Over the past week, I wrote two separate pieces breaking down how Celtics’ two-way player Tremont Waters performs on both the offensive and defensive sides of the court. Although that type of analysis is saved for a single piece, there was more than enough material to discuss to separate it into individual articles breaking down his play on both ends of the court.
The plan is going to be used yet again as we’re going to use the next two pieces to look at the all-around game of current Dallas Mavericks two-way player Josh Reaves. Because in a similar way to the LSU alum, the 6’5 guard stands as a well-rounded player that can make a tremendous impact on either end of the ball. That two-way nature is partly evident from statistics as he put up 10.6 points, 5 rebounds, 2.9 assists, and 2.5 steals and 43% from the field and 36% from beyond the arc on 4.1 attempts per game during his senior season with Penn State.
Among those stats, his steals per game average is the one that stands out the most. Rightfully so as it stood as the best average among any Big 10 player since former Ohio State and Santa Cruz Warriors guard Aaron Craft averaged 2.5 steals per game in the 2013-14 season. Reaves’ ability to force steals unsurprisingly helped out Penn State’s defense as the team finished at a very respectable 27th in the nation in adjusted defensive efficiency, as opponents only averaged 94.5 points per 100 possessions against them.
Reaves’ amazing statistics and ability to make that type of impact unsurprisingly led to him receiving accolades after his senior season. For one, he was named to the All-Big Ten Defensive Team for the second consecutive season. While him being named to that squad became tradition, another award pushed his college career to finish on an incredibly high note. That came when he was named as the Big Ten’s Defensive Player of the Year for the 2018-19 season. He became the first guard to get that award since former Purdue wing Raphael Davis won it in 2014-15.
As is apparent from his numbers, the biggest reason behind Reaves’ success on this end of the floor deals with his ability to force steals. That singular skill seems like an art that the 6’5 guard spent his four-year college career crafting and perfecting.
This crafted technique starts during the milliseconds after the ball starts to leave the fingertips of the passer, as the 6’5 guard is both able to spot it and start moving in that direction. After that recognition occurs, Reaves uses his quick acceleration to burst into the passing lanes and intercept the ball like an NFL cornerback. Due to that initial momentum that he received, Reaves is regularly able to push the ball down the court in transition and finish at the rim without any interference from the opposition.
Honestly, the clip below might be the best visual example of the Penn State alum using that whole process to perfection. As we start, Reaves is working near the paint as a member of the team’s zone defense while the ball-handler starts to get doubled. Recognizing that the offensive player is in trouble, the 6’5 guard starts to inch his way towards the left once the Michigan State guard starts to throw up his arms to throw a bounce pass. Before the ball is able to reach the hand of a fellow Michigan State player, Reaves snatches it up, pushes it down the court and finishes with an easy one-handed slam.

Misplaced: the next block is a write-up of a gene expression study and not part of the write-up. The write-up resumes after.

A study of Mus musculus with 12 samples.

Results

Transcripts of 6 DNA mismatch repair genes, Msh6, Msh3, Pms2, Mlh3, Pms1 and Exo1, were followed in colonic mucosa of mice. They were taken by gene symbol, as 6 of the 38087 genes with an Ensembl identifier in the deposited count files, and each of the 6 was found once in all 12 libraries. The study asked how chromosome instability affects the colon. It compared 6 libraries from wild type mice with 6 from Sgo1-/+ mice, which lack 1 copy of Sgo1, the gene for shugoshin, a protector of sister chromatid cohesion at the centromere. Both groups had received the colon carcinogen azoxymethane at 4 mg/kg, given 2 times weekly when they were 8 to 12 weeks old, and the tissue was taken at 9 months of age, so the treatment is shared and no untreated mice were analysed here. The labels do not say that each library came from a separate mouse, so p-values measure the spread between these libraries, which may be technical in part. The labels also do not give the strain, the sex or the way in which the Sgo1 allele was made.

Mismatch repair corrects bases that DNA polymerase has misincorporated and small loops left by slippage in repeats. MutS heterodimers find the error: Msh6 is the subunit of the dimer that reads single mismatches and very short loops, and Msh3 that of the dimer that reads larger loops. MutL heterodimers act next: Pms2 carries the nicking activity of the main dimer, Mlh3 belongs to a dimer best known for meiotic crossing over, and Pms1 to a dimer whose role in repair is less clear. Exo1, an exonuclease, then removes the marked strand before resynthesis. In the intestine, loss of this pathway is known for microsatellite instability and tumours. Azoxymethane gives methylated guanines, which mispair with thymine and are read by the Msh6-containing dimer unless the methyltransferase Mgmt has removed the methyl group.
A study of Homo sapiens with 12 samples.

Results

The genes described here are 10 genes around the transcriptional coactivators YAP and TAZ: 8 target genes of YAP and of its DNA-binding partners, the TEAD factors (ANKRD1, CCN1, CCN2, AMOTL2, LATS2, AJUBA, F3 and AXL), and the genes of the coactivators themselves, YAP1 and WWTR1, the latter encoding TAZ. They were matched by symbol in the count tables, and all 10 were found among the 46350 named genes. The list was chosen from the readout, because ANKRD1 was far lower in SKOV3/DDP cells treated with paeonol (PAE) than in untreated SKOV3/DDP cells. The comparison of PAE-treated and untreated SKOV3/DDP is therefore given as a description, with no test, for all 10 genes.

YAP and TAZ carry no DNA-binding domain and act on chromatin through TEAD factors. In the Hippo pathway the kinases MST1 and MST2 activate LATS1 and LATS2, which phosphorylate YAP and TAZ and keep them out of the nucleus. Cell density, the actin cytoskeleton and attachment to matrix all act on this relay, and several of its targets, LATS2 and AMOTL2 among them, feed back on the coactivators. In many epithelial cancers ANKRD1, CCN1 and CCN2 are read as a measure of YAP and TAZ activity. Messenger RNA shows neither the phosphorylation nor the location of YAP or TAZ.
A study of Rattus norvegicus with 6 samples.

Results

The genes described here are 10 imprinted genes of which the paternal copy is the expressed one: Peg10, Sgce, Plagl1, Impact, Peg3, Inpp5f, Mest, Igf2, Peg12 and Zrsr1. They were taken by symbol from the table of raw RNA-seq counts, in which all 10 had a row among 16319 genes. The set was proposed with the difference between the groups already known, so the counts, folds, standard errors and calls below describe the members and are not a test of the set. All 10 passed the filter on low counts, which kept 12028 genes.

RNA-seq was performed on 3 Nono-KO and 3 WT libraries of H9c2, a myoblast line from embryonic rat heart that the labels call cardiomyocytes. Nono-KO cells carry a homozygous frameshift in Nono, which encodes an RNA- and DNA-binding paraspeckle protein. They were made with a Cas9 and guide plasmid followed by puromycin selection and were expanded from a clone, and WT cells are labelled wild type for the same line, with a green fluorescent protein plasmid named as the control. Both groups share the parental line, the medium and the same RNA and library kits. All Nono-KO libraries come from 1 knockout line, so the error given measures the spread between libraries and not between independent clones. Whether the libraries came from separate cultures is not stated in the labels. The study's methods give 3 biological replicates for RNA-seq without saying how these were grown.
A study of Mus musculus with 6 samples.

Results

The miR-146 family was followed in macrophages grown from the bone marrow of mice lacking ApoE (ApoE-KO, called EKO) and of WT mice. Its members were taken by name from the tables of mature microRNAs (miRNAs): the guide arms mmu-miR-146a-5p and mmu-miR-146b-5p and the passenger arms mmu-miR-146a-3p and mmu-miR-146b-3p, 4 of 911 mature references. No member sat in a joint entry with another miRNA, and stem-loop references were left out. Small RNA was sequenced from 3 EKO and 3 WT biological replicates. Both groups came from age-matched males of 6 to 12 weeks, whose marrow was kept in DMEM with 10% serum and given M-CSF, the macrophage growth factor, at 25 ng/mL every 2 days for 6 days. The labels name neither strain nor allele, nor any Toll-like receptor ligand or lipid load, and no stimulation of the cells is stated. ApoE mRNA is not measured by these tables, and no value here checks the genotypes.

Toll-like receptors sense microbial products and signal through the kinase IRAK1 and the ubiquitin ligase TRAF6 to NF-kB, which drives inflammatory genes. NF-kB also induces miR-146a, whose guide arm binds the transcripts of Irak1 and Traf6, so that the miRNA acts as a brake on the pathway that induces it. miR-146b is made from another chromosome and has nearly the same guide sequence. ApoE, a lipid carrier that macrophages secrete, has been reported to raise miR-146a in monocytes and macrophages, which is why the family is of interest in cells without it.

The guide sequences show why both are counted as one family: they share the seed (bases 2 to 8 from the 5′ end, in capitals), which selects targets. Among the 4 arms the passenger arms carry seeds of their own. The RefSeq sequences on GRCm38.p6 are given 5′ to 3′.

While he stood as one of the best ballhawks in college basketball, the 6’5 guard has more tools in his defensive arsenal. One of those traits includes how he’s capable of sticking with opponent guards as they move from perimeter to paint. That knack is due to a combination of his quick feet and durable 214-pound frame, which prevents any guards from getting any advantage in their attempted drives to the rim.
An example of that is evident in the play below as Reaves is matched up against Illinois point guard Andres Feliz. While it appeared that Feliz had an initial advantage through the Penn State biting on a pump fake, it didn’t last long as our subject regains his footing and stays on the hip of the opposition. Once both men get into the restricted area and the Illinois guard goes up for a layup, the 6’5 guard jumps up with him and makes a strong block.
After not getting selected in this past year’s NBA Draft, Reaves didn’t have to wait long to find out his NBA destiny as the Dallas Mavericks signed him to a two-way deal on July 29th. While that contract will allow him to spend up to 45 days with the Mavs, he’ll likely be spending most if not all of the year down with the Texas Legends as the big league club is pretty deep at both shooting guard and small forward.
While it takes a while for young guards to translate their defensive success over to the pro level, as they have to get used to the increased pace and athleticism of their new counterparts, that might not be the case for Reaves. For one, his instincts of getting into the passing lanes are honestly the one trait that should immediately transfer over to the pro level. The amount of steals that he collects could improve due to how more G League teams utilize ball movement within their offensive sets.
Meanwhile, the Penn State alum shouldn’t have too many problems as an on-ball defender despite G League guards being bigger and more athletic than what he had to deal with in the BIg 10. That’s due to how the 6’5, 214-pound guard should immediately stand on the same level as other guards from a physicality standpoint. This should allow him to still be at the same level as a penetration defender that he was back with Penn State.